Paris — Bernard Maris was a well-known economist, a teacher at Paris University and a frequent speaker on radio and television. He was also a friend, and he was slain with his colleagues at the French magazine Charlie Hebdo. We already miss him.
It is obvious that the murderers were aimed at cartoonists to punish them for some nasty drawings of Allah or Muhammad, but when you consider the list of the 17 people who perished Jan. 7-9, you realize that it reflects French diversity. True, among them were eight journalists, but also police officers, one of them a Muslim and the other a black woman, and six Jews.*
It appears that it was this diversity the three murderers wanted to strike down. In their mad frenzy, they tried to eliminate all kinds of populations they hated: journalists, but also police, Jews and some people, like Maris, who just happened to be there.
The reaction of the French society has been swift and impressive. On Jan. 11, 3.5 million people walked in the streets of Paris and other major cities, a significant percentage of the country's 65 million population, and the largest popular movement since the liberation of France in 1944.
However, once the communion of this extraordinary day is past, France, like most European countries, and maybe more than the others, faces intractable problems linked to its very diversity. A country that hosts the largest Muslim population, 5 million, and the most important Jewish community in Europe, 600,000 people, is bound to meet conflicts and misunderstandings.
Observers have been impressed by the presence in every demonstration by members of the various religious denominations. One could see Catholic bishops walking with Protestant ministers, rabbis and imams, and listen to their messages of peace and hope. The national Catholic television program Jan. 11 included a successful roundtable with speakers from all denominations. However, these unanimous statements cannot hide the fact that all religions do not follow the same pattern and react in the same way.
Contrary to the Christian and Jewish confessions, the Muslim community does not have a proper hierarchy of clerics, except with its Shiite minority. In France, many imams are self-designated and have not followed a formal course of education. Those who speak with great courage in defense of democracy and freedom of speech are not always supported by their own public. There are thousands of mosques and prayer rooms in France, and there is a large variety of opinions debated in these places, where sectarian preachers can collect a wide audience.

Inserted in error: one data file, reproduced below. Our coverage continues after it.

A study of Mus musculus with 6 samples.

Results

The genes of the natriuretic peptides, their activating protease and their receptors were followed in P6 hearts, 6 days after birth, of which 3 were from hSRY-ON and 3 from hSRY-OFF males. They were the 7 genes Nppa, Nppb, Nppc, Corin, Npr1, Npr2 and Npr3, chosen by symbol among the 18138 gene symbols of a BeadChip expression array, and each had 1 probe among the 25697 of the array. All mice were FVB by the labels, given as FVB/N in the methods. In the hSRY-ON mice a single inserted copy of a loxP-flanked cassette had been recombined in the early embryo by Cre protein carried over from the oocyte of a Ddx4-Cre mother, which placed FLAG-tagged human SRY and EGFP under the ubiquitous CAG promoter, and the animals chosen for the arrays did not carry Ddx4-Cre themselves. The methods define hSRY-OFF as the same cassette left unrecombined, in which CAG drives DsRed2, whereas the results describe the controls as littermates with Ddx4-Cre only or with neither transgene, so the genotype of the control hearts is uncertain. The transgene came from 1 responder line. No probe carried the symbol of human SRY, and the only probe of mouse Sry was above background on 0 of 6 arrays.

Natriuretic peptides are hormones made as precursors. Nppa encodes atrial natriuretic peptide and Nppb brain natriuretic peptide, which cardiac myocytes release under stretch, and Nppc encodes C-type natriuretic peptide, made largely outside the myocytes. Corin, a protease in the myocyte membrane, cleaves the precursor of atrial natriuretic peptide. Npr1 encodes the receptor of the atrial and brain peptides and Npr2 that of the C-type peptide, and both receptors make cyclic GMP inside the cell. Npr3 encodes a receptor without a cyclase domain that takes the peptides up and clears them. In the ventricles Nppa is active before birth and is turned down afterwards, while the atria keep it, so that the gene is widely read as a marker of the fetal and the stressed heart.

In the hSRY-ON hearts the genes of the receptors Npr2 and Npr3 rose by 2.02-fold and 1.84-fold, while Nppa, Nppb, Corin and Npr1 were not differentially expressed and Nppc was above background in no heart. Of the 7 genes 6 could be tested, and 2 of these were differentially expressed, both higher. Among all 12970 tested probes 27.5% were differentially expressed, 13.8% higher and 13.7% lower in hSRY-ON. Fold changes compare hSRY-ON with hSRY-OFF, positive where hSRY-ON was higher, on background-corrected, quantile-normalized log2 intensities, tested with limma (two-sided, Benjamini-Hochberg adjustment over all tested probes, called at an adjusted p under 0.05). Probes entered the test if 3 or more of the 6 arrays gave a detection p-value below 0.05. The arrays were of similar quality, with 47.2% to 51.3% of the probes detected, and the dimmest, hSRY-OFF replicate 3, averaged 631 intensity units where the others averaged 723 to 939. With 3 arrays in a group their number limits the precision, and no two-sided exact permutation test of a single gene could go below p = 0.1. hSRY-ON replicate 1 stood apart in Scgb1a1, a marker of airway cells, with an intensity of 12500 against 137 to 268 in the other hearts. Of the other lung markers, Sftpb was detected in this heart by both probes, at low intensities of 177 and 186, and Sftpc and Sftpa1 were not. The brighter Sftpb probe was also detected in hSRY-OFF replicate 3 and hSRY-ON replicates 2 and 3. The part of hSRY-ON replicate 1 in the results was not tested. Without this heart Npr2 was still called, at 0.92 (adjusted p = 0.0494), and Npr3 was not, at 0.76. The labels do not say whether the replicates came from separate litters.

A sure sign of uneasiness in the Muslim community was the sobering experience met by teachers when they started a discussion with their pupils about that tragic week. In many suburban schools, which host a majority of Muslim children, it was difficult to defend Charlie Hebdo, a publication well-known for its hostility to Islamism. If the best-educated, best-integrated Muslim citizens followed the majority and demonstrated in favor of free speech, an important minority stayed at home and silently disagreed with the condemnation of the three terrorists.
This minority found support in active social networks that use both Arabic and French and deliver hate messages and videos. In the absence of a comprehensive religious organization, the Muslim community is much more dependent on the Internet than other confessions are, and, as such, it is more vulnerable to demagogues and anti-Semites.
The other side of the picture is political. The lack of integration of a part of the Muslim population feeds a far right movement that is gaining votes and influence at each election. It did not escape observers that Marine Le Pen, the head of the extremist National Front, was the only political leader who refused to attend the big meeting in Paris, pretending she had not been properly invited to participate. She preferred to go to Beaucaire, a small southern city whose mayor belongs to her party. If you consider that the National Front collects 20-25 percent of voters in opinion polls, Le Pen's absence from a powerful meeting in favor of democracy is worrying.
One could hope that National Front voters would disapprove of the absence of their beloved leader. Unfortunately, it is unlikely. On the contrary, Le Pen's audience on Facebook has gone up since.
Once the euphoria of the mass demonstrations on Jan. 11 is over, France must think hard about the best way to help its citizens to live in common and accept each other. It is some comfort that the religious leaders are willing to pray together and in public.
However, the fact that the three criminals were born and educated in France shows that the mechanisms of integration don't work well with second-generation citizens. Schools are disorganized in many poor suburbs; prisons are efficient at transforming petty delinquents into hardcore Islamists; too many Muslim preachers lack a comprehensive French culture and even a proper knowledge of the Quran.
It is true that most European countries, such as Germany, the United Kingdom or the Netherlands, suffer from the same difficulties and are at pains to build up a new national identity. However, none of them has to handle such a huge Muslim population.
As is always the case in troubled times, the main danger is fear. The Jews are afraid of an environment getting more hostile, the white citizens want to get rid of the "Arabs," and the Muslims think, sometimes with good reason, that they are victimized. This unaccepted diversity is fertile ground for every kind of extremism.
It is a pity, for it should serve to enrich the various communities that make France a fascinating country. Let's hope that this tragic week will teach a significant number of citizens to act and start the necessary reforms.
*An earlier version of this analysis contained incorrect information.
[Antoine de Tarlé lives in Paris and is a regular contributor to the French Jesuit review Études.]